July 21, 2010 -- Memphis police are singing the praises of predictive analytics used in their Operation Blue CRUSH project, which they say has helped to lower crime in their city by 31 percent since 2006.

The Blue CRUSH (Criminal Reduction Using Statistical History) project grew out of Project Safe Neighborhood and a partnership with the University of Memphis Criminology and Research department and expanded to include collaboration and data exchange with the local and regional authorities including the Shelby County Sheriff's office, the U.S. Marshall's office and the U.S. Attorney General's office.

The project involves Esri geographic information mapping, RTIS, Crystal Reports and Microsoft infrastructure but the analysis focus is IBM's Predictive Analytics Portfolio. The initial project leaned heavily on SPSS, which was later acquired and became part of the IBM analytics platform.

The first use of SPSS, in 2006, was to address violent crimes and deadly weapons. "We were targeting where crimes were spotted in Memphis, we could create frequencies on gun crimes, where, what time, what date and when we pulled that data we were able to do a spatial join to our map and run queries and crank out a lot of high-quality information for the officers of our organized crime unit." says John Williams, a civilian supervisor at the Memphis Police Department. "We moved resources to those areas and saw immediate results in the number of arrests for gun-related crimes."

Data entry includes tables loaded automatically via the Memphis PD's record management system into tables, joined with information from other agencies and, now, global-positioning system data. Tactical special operations, DUI, canine, mounted and other units can be assigned to hot spots Williams says are remarkable well identified through analytics.

Besides the overall 31 percent crime reduction, which Williams attributes largely to the ability to pre-deploy idle resources, MPD claims violent crimes are also down 15.4 percent since 2006.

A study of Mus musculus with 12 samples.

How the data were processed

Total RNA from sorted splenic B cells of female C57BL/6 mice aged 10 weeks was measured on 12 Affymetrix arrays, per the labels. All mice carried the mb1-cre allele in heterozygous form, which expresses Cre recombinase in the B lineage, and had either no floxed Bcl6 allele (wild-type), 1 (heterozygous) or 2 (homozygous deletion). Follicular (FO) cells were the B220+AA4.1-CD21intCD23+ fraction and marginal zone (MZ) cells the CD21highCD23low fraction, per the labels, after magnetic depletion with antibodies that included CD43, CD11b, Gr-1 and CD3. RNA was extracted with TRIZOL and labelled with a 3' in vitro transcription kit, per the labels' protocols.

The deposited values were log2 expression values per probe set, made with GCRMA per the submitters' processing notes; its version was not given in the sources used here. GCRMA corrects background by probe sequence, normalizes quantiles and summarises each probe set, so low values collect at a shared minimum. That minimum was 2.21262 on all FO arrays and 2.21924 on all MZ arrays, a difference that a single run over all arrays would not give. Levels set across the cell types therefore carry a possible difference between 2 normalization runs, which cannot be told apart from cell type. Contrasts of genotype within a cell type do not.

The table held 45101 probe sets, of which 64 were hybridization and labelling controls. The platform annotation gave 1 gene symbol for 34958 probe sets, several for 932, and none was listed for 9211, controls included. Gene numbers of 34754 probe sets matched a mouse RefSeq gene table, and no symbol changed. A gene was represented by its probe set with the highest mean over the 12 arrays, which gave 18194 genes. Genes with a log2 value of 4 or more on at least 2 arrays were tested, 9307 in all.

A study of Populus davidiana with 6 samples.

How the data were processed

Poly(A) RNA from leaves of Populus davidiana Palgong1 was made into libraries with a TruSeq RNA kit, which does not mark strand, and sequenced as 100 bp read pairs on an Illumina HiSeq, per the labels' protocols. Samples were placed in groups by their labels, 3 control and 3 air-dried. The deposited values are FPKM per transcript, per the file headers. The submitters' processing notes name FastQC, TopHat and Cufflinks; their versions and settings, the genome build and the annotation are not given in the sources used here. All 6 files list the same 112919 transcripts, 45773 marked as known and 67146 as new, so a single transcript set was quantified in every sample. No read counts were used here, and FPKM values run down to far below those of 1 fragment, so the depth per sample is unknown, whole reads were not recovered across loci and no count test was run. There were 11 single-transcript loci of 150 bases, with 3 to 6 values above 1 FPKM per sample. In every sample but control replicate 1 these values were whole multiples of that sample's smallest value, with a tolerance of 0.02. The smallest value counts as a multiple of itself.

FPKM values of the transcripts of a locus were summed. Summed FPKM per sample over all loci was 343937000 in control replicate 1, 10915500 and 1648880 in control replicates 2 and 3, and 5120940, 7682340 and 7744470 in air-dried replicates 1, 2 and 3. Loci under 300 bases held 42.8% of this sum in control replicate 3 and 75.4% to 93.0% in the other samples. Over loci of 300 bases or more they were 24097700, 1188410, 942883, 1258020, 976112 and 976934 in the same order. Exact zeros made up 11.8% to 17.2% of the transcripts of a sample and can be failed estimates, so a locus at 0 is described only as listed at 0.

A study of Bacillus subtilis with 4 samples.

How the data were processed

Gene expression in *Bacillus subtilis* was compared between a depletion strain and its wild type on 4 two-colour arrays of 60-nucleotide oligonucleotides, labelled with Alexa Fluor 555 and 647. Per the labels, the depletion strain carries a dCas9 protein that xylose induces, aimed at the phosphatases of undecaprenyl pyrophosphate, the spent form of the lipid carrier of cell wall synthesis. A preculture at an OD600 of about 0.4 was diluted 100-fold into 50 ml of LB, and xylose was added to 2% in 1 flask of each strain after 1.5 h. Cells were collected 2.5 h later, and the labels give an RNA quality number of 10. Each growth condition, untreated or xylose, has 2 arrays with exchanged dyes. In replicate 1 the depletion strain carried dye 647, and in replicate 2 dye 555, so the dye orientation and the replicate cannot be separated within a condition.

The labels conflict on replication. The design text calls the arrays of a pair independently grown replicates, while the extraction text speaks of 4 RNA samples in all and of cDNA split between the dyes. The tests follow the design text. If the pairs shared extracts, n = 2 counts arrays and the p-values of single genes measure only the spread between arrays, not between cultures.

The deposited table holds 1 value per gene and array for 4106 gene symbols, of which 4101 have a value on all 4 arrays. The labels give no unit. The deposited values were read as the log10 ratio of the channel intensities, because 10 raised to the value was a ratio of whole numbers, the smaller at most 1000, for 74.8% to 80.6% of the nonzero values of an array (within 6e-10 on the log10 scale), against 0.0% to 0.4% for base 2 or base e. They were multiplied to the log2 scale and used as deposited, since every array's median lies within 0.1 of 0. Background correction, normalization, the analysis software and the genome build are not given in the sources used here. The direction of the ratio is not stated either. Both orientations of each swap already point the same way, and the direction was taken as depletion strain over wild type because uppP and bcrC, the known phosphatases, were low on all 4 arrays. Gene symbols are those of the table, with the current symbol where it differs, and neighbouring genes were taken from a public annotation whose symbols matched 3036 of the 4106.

One indicator that there was a connection between Blue CRUSH and crime rate statistics was the observation that crime statistics actually rose in neighboring jurisdictions because criminals had displaced their activities because of better policing.

Williams says some suburbs of Memphis don't share information but he's open to the transparency that would bring. "We understand crime has no boundaries and we'd love to work with them because we know no one is isolated or immune."

That would also extend to an invitation to share information with the Memphis School District, which would likely raise privacy concerns. At the same time, a lack of collaboration and information sharing between police and other U.S. agencies was cited as a cause of poor awareness of events leading to terrorist attacks including 9/11.
     
The ability of Memphis to summon federal, state, local and educational contributions to the challenge successfully has drawn interest calls from a variety of police agencies, Williams says. The program is being modeled and so is a new real-time crime center that has centralized the police analysts who used to work in separate precincts with separate supervision.

"Everybody is trained, cross-trained and gets remedial training and hands-on help from the university's crime resource center, which is located here also," Williams says. "Once the analysts were in one place we wanted to hand more responsibility to each of them because they're the ones best suited to know even more about their precinct than the criminology department."

With tools and resources centralized, Williams expects faster deployment of resources and a bigger impact on crime statistics he says has been "an incredible improvement" to watch.

Criminal behavior appears especially well suited for predictive analysis through business and operational rules and tools to rapidly detect fraud, privacy attacks and financial abuse as well as overt acts of crime. IBM has worked with the city of Edmonton, Alberta on a program similar to the Memphis project; other vendors, including Information Builders and Microsoft, offer law enforcement-friendly analytics. In another example, the District of Columbia uses tools and software from SAS to identify and manage parole violations and other law enforcement issues.